Juan de las Roelas
From The Art and Popular Culture Encyclopedia
Juan de las Roelas, called El Clerigo Roelas and El Licenciado Juan, and 'Doctor Pablo' by Antonio Palomino, was descended from a noble family of Flemish origin. He was born in Seville between 1658 and 1660, and brought up to the profession of medicine (called 'physic' at the time). He had already taken his degree when an inclination to the art of painting, which he had manifested in the early part of his life, induced him to devote himself to its study; he subsequently travelled to Italy for that purpose, studying in Venice for several years. Palomino says that he was a student of Titian, but as Titian died in 1576, when Roelas was only sixteen years old, it is more probable that he received his instruction from a disciple of that great master.
On his return to Seville, he was much employed in the churches of that city, producing many of his best paintings, which have been compared to the works of Palma and Tintoretto. To his skill in the technique of employing rich and harmonious colouring, which he had acquired in the Venetian School, he added correct drawing and perfect acquaintance with the anatomy of the human figure. One of his most admired works is the Martyrdom of St. Andrew, in the College of St. Thomas. He went as a canon to Olivares in 1624, but whether he ever practised as a physician is not known.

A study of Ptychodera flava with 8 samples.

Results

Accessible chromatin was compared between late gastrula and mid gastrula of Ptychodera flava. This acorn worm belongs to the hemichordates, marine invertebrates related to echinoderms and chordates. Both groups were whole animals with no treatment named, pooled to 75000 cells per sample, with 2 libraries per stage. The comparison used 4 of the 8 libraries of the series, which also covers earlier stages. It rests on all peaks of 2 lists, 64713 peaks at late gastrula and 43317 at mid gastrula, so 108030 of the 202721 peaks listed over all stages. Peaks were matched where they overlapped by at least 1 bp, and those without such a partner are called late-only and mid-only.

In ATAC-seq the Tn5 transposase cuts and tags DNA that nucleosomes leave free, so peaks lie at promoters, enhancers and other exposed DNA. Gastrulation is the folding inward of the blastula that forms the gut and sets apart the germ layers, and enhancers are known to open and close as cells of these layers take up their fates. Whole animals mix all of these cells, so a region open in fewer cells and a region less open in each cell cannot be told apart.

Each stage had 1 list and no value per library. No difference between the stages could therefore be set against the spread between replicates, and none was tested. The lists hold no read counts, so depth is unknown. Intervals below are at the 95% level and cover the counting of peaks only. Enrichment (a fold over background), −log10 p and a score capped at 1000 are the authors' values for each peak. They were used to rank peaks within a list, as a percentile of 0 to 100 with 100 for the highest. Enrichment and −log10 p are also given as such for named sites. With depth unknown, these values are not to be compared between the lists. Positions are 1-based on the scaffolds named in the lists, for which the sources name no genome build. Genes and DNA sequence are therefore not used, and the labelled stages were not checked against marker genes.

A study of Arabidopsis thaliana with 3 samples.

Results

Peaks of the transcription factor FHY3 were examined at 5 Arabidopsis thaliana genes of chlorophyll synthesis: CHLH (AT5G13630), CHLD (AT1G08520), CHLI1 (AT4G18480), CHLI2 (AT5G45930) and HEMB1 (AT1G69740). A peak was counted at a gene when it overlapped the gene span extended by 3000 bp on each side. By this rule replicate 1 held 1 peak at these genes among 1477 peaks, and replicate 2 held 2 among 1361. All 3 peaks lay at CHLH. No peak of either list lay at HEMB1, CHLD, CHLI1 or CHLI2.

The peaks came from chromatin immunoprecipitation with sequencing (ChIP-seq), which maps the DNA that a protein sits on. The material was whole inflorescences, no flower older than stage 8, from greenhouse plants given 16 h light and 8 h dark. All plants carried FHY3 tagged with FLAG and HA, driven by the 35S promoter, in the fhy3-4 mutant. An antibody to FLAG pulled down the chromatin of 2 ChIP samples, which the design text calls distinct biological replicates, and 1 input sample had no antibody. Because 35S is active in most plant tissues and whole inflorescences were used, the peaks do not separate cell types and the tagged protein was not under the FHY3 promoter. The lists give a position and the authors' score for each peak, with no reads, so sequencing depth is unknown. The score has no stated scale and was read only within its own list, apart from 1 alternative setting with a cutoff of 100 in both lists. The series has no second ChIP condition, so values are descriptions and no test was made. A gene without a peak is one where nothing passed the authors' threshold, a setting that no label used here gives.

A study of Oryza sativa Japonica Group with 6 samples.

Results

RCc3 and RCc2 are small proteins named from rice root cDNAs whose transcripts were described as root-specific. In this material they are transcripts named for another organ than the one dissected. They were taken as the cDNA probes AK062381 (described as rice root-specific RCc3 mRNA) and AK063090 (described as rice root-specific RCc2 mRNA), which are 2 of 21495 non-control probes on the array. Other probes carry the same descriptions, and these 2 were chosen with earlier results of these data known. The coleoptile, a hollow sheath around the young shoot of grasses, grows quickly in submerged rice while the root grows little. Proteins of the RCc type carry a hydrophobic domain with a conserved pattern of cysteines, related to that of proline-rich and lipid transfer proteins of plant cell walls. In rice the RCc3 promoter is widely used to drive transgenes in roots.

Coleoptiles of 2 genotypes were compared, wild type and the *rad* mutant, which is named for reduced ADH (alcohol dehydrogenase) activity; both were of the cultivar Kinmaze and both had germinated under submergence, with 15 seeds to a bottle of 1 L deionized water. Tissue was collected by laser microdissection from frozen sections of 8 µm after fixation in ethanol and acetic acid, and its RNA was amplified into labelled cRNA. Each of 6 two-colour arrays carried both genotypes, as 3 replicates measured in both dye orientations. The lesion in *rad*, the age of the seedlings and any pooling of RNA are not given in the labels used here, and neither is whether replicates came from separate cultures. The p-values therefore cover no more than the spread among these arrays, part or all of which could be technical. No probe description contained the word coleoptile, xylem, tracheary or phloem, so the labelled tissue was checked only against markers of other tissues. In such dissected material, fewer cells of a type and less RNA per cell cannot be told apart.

His paintings are very numerous in Seville. His masterpiece is the Death of St. Isidore, in the church of San Isidore; another of his finest works is the St. James, in the chapel of that saint in Seville Cathedral, in which the saint is represented riding victoriously over the Moors. Cean Bermudez says it is full of fire, majesty, and decorum. The writer Richard Ford, well-versed in Spanish art, says, however, that it is surpassed by the picture of the Conception, in the Academy, and by three in the chapel of the University at Seville. Roelas has been compared to Tintoretto and Carracci, and is certainly the best of the Andalusian painters. It is a subject of regret that none of his fine works have been engraved, as he excelled in design and composition, and displayed a grandeur of form and character which belong only to the greatest masters. He died at Olivares in 1625.